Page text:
Ed. note- This review is the story of one man’s attempt to create a new slasher icon. Has anybody thought about Chromeskull lately?- P.F.
A guy in a mask chasing a girl. This is how director Robert Hall describes his goal in making LAID TO REST. One can view this two ways: either as one director’s reverent take on a tried and true archetype, infused with his own original touches; or as a hackneyed play on a formula that is well overdone to begin with. I can understand why Hall had this aim in mind at the time he was making this flick. As the unholy trio of masked slashers (Leatherface, Michael Myers and Jason Voorhees) was being refashioned for a younger generation, the timing was ideal for young bucks to establish their own pantheon of monsters that they hope will last for decades to come. While the flick has great visual flair, not surprisingly Chromeskull hasn’t become a household name.
After a creatively filmed montage that indicates what is to come, a girl wakes up to find herself in a coffin. Having no idea who or where she is, she flees the “deathbox” and her pursuer, Chromeskull, a name that refers to his ornate mask. On the road, Tucker, a local man, picks her up and, feeling sympathy for her, brings her home. When Chromeskull arrives and dispatches Tucker’s wife, he and Princess, as he names the amnesiac, run away and eventually add Stephen, an oddball who invokes Steve Buscemi in both look and personality quirks, to their group. The three try to survive a night of terror as Princess struggles to discover her identity, and how she is connected with Chromeskull.
LAID TO REST is one of the most visually arresting horror movies I’ve seen in years. DP Scott Winig lights the film brilliantly, as is evident in the scene in the barn, where light beams through the cracks between the wood, creating a play of shadows. The bluish hues are pitch perfect for a horror film, harkening back to Dean Cundey’s work on some of John Carpenter’s earlier films, and Hall’s shot selections are bold, employing challenging camera angles. Adding to the visuals are the wonderful practical effects by Eric Porn, who also worked on BLOOD PUNCH and did some great splatter work there. Leaning not too heavily on CG, Hall creates kills that are grounded in reality, which is commendable in this day and age.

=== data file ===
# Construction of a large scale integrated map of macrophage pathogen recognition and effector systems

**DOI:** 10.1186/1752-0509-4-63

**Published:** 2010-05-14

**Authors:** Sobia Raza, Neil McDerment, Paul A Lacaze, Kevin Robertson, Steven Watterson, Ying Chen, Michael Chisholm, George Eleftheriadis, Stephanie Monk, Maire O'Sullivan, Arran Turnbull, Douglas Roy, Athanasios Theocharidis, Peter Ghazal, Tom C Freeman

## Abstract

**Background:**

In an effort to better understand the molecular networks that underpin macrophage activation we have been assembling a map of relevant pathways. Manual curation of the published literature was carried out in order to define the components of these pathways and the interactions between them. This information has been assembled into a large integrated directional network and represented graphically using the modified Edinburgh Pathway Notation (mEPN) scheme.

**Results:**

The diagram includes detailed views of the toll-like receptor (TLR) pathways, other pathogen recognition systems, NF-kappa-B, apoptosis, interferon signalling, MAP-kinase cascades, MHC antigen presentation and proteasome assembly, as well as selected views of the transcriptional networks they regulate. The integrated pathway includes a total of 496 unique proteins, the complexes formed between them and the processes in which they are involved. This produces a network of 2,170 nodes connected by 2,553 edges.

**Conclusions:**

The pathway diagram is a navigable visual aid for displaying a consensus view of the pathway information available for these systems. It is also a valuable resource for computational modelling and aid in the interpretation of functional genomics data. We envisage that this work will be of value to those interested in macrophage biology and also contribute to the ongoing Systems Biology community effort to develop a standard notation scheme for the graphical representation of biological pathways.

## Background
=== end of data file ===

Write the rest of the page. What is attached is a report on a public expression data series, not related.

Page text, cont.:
If only I could commend Hall on his plot. The problem is, everything in this film has been done ad nauseam, and done better. While Kevin Gage and Sean Whalen craft likable, believable characters that fans will likely root for, Chromeskull is the typically unstoppable killer, who gets shot several times, stabbed in the eye more than once and generally pummeled, yet the damage leaves him with no ill effect. This would be easier to swallow had Hall’s script given some explanation for it. Without one, it breaks suspension of disbelief. Chromeskull’s obsession with filming his victims is a contemporary take on Michael Powell’s excellent film PEEPING TOM. But Powell’s film is a statement on psychosis and our sometimes dark obsession with the moving image; Hall’s film makes no profound statements, as Chromeskull’s camera is just a cool toy.
I also have issues with his main character. Bobbi Sue Luther’s acting is south of the Quality Equator, and outside of the amnesia aspect, her character does exactly what most women in horror movies do: scream and run. Once Princess overcomes her amnesia, her realization of self is far from a satisfying payoff. Perhaps Hall should have thought twice about using it, as amnesia is almost always a weak plot device in fiction. It’s too bad Hall made Princess the focus of the film (though no surprise, as he was married to Luther at the time), because Kevin Gage is much more engaging as Tucker. I found myself rooting for him more so than Princess. But Hall clearly wanted to stick to the tried and true tradition of the slasher, with a female lead. It’s a missed opportunity.
LTR is a beautifully filmed movie, but for all its visuals, it’s nothing horror audiences haven’t seen 67,000 times before. Only the most undiscriminating slasher fans will find its plot or its killer satisfying. Hall’s aim was to create his own addition to the new pantheon of slashers, and he did make one sequel; but ultimately, Chromeskull never became an icon the likes of Voorhees and Leatherface. Maybe if he had done a little more than follow formula, we’d be talking about LTR 5: THE RETURN OF CHROMESKULL today, with a guy still chasing a girl.